So today, as planned, the Potwell Inn crew turned out to build the recycled greenhouse on our second son’s allotment in Bristol. I had thought we’d only get as far as levelling the foundation, but the threatened rain didn’t come, and we managed to assemble the whole frame before we left. Madame and our daughter in law brought the grandchildren down with hot pasties at lunchtime, and the day was a delight from start to finish.
Second hand greenhouses can be a bit of a liability; the glass is very fragile and doesn’t travel at all well, the process of assembly can be a nightmare if you don’t know how the bits go together. The assembly instructions – which can often be downloaded if you know the make and model of the greenhouse – are sometimes a bit impenetrable. In this case we had dismantled the greenhouse ourselves a couple of months ago, and I’d already built a similar but smaller model on our own plot, so I had a pretty good idea how it all went. My best advice if you’re taking on an old greenhouse is to try and dismantle it yourself as we did – so you know all the bits are there. I don’t know of any way to buy individual missing parts. My other recommendation is to buy all new nuts and bolts, spring clips and rubber strip and get a special greenhouse spanner -they’re worth their weight in gold.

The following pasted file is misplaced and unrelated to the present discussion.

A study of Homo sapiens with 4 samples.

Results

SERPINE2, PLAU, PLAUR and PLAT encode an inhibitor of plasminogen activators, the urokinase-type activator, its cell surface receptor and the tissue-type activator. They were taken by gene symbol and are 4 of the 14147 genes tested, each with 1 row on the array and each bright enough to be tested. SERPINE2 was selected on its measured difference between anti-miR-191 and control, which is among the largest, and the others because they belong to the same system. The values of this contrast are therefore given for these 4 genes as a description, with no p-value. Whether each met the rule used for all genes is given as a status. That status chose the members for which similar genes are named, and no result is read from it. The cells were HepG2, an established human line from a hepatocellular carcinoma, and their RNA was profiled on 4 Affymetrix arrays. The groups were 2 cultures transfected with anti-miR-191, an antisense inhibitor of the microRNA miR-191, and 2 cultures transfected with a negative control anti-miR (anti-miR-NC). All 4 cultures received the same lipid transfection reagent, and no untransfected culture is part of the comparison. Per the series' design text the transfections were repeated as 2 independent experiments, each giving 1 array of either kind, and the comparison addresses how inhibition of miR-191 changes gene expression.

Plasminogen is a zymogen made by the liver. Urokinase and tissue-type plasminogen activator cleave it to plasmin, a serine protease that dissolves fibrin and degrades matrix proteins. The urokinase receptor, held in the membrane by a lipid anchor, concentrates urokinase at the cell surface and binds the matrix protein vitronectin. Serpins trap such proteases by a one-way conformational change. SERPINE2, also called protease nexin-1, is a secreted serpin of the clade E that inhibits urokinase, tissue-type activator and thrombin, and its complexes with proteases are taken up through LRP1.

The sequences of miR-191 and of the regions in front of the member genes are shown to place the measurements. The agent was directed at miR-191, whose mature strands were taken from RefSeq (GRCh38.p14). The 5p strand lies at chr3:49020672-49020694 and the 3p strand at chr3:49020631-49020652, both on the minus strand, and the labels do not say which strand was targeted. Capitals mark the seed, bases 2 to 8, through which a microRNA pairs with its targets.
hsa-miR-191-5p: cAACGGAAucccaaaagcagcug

But the greatest pleasure was simply being together and working together without any tensions. Everyone talks about the challenges of parenting babies and teenagers, but our experience has been that the transition from being parents of children to parents of adults has been the trickiest of all. We had to take a step back and let the boys lead and there were many moments when we felt a bit marginal to their lives. But a decade on, we’ve weathered a few storms and come out closer than we’ve ever been. I used the jokey heading about barn raising because when we work together as a family on a shared project it becomes (without getting religious about it) sacramental. Outwardly hammering pegs, fixing boards and raising beams while inwardly celebrating each other’s gifts.
All three of our children are good cooks, good gardeners and thoroughly committed religious sceptics – the last part comes from years of seeing the church from the inside! Allotmenteering seems to be on the increase again, possibly the prospect of unaffordable organic food post brexit, and the likelihood of global climate breakdown has focused our minds on providing for ourselves. But a day on someone else’s allotment is as rewarding as a day on our own – maybe we should offer training opportunities so new allotmenteers could increase their skills. Gardening is better as a community activity.